Friday, February 7, 2020

The House on Mango Street by Sandra Cisneros

4 Stars

After alllllllllllllllllllllllllll the backlash regarding the release of American Dirt, I stumbled upon this list and pretty much decided . . . . .

I weeded out the poetry because . . . .

As well as most of the nonfiction (for now at least – I’m not a huge nonfiction reader to begin with and if I am supposed to be comparing apples to apples than I needed something with a similar plot to American Dirt) and went to the library website to see what selections were available. I grabbed several (I’ll get around to reviewing them eventually) and then I saw an article where Sandra Cisneros (a Mexican author) offered her support to Jeanine Cummins’ release and explained her reasons for doing so with grace and eloquence which made The House on Mango Street get bumped to the forefront.

I should have read this book eons ago not only because it is considered a coming-of-age modern classic, or because it was an American Book Award winner, but also because of its perpetual status as a Banned and/or Challenged Book. (The House on Mango Street (along with others by Latino authors) was actually banned from ethnic studies classes by the Arizona legislature in 2012). Those are all lists that I pay attention to and since I read a couple hundred books per year I always just figured I’d get around to it. Until the big blow up last month I will fully admit that I paid little to no attention to who penned a particular story. I can’t see that changing either, because as a reader/reviewer I have pretty much have zero interest in the who/why/when/where/how behind a fictional story – I simply want a good story. Writers should write and if it’s good the people will read it. And it may not be fair for one person to get nearly a million dollars for a book while another (Cisneros) makes practically nothing for ten years after her book is released, that’s a whoooooooooooooooole different issue than “who is allowed to tell a story.”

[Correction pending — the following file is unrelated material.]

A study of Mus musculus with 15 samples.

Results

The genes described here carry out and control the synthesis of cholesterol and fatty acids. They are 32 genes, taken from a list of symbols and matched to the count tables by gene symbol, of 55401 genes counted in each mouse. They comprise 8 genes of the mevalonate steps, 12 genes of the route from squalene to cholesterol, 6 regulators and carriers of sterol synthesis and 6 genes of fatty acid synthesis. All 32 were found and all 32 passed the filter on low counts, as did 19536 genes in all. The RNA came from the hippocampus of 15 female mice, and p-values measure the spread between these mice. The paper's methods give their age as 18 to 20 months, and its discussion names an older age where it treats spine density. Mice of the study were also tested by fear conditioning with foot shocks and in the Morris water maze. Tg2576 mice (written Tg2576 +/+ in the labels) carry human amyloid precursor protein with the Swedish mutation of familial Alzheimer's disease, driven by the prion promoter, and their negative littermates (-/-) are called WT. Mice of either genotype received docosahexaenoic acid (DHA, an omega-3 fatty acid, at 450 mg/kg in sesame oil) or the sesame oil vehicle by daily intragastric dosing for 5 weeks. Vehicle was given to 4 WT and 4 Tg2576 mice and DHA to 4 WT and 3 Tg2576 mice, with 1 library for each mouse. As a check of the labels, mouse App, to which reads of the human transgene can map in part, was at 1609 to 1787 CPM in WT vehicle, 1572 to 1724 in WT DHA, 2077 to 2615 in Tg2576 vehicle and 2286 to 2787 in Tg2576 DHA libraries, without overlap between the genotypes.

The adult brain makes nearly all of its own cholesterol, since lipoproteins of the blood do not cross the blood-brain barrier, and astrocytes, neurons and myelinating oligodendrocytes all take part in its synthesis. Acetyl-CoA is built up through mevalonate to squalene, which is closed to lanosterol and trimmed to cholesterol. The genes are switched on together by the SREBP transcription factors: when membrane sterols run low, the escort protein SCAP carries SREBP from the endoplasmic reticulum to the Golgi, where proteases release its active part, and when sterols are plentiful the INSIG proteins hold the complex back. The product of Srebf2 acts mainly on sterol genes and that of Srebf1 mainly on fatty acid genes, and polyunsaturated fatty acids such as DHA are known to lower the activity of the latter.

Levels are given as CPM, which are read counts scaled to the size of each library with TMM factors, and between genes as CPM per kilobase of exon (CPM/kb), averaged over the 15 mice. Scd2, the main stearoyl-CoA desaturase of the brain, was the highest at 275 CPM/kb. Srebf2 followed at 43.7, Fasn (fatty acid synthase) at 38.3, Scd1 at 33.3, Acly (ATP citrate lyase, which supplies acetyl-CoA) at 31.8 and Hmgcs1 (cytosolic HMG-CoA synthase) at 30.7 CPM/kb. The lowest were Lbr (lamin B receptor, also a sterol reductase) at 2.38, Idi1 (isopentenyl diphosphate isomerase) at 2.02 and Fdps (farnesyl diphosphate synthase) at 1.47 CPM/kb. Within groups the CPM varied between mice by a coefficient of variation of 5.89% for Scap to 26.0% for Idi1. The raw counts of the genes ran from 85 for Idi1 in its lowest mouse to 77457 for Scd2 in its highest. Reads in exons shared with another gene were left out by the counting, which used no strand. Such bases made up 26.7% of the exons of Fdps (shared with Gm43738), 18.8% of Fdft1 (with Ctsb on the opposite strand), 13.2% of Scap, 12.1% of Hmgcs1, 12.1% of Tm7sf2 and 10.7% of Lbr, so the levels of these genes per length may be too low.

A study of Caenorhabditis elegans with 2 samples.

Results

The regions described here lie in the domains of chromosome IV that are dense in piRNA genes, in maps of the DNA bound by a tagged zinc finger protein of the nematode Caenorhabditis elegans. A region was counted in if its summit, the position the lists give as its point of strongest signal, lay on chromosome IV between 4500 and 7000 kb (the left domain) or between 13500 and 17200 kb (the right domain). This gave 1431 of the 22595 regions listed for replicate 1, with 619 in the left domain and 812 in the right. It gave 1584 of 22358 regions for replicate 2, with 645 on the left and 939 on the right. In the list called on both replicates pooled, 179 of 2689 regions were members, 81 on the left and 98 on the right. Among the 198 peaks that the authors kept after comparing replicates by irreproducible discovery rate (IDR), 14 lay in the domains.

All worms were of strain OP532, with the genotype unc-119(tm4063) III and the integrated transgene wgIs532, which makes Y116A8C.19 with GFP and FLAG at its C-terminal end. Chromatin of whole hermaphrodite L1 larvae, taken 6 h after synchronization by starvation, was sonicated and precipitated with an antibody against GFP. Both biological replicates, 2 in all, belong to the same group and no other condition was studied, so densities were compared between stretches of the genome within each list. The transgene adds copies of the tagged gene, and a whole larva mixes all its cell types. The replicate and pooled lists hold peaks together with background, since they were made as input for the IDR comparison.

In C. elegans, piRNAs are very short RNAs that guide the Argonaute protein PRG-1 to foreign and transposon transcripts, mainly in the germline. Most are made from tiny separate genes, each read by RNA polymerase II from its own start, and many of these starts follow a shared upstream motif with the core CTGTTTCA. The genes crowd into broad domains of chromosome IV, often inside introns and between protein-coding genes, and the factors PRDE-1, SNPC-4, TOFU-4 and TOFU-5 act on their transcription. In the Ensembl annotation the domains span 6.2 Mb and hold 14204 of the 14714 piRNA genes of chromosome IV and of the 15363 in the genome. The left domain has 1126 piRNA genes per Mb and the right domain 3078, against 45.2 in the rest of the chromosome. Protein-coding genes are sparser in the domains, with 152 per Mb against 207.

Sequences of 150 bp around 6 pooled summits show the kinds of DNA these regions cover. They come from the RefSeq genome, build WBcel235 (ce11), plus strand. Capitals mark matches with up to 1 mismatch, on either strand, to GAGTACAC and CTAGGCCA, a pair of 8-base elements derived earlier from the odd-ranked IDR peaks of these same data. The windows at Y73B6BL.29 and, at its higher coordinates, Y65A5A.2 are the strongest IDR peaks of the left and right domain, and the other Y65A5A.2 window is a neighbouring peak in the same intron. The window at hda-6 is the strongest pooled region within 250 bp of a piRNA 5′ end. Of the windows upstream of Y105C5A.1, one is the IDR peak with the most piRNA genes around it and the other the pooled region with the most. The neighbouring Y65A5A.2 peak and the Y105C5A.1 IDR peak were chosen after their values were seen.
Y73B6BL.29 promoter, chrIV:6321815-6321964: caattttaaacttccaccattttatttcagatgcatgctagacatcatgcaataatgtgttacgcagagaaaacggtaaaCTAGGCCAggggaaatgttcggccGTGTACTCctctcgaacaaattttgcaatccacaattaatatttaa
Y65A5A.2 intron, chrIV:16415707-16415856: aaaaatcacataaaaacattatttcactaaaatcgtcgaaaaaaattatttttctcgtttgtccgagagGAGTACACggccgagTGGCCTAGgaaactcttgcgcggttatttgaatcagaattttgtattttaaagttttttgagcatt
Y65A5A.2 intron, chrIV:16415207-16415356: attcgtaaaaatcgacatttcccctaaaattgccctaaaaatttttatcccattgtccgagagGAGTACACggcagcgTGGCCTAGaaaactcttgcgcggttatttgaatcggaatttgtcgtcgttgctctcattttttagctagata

So now that you have all that unnecessary information, let me tell you this book is freaking phenomenal. At little more than 100 pages, Cisneros packs not only her personal story, but also that of a neighborhood and an entire culture into what I saw someone call a “story collage” – vignettes of a few pages each that truly leave their mark. Her prose is lyrical; her messages regarding race and socioeconomic status and gender roles punch you in the face with feeling and authenticity. At over 25-years old The House on Mango Street reads like it could have been written yesterday. This absolutely should remain a required read for students and I am thrilled to see that it is being adapted into a television show. As Cisneros herself says . . . .

You must remember to come back. For the ones who cannot leave as easily as you.

This book ensures that no one will forget where she came from.

And since I spend about half my life complaining about ugly covers, can I just take a minute to give a major shout-out to Alejandro Romero’s artwork??????

Holy crap that’s beautiful.

1 comment:

  1. Great review! I had to read it in school and really didn't remember it as an adult, picked it up again, and can easily appreciate it! I will come back and see what you think of the others on the list!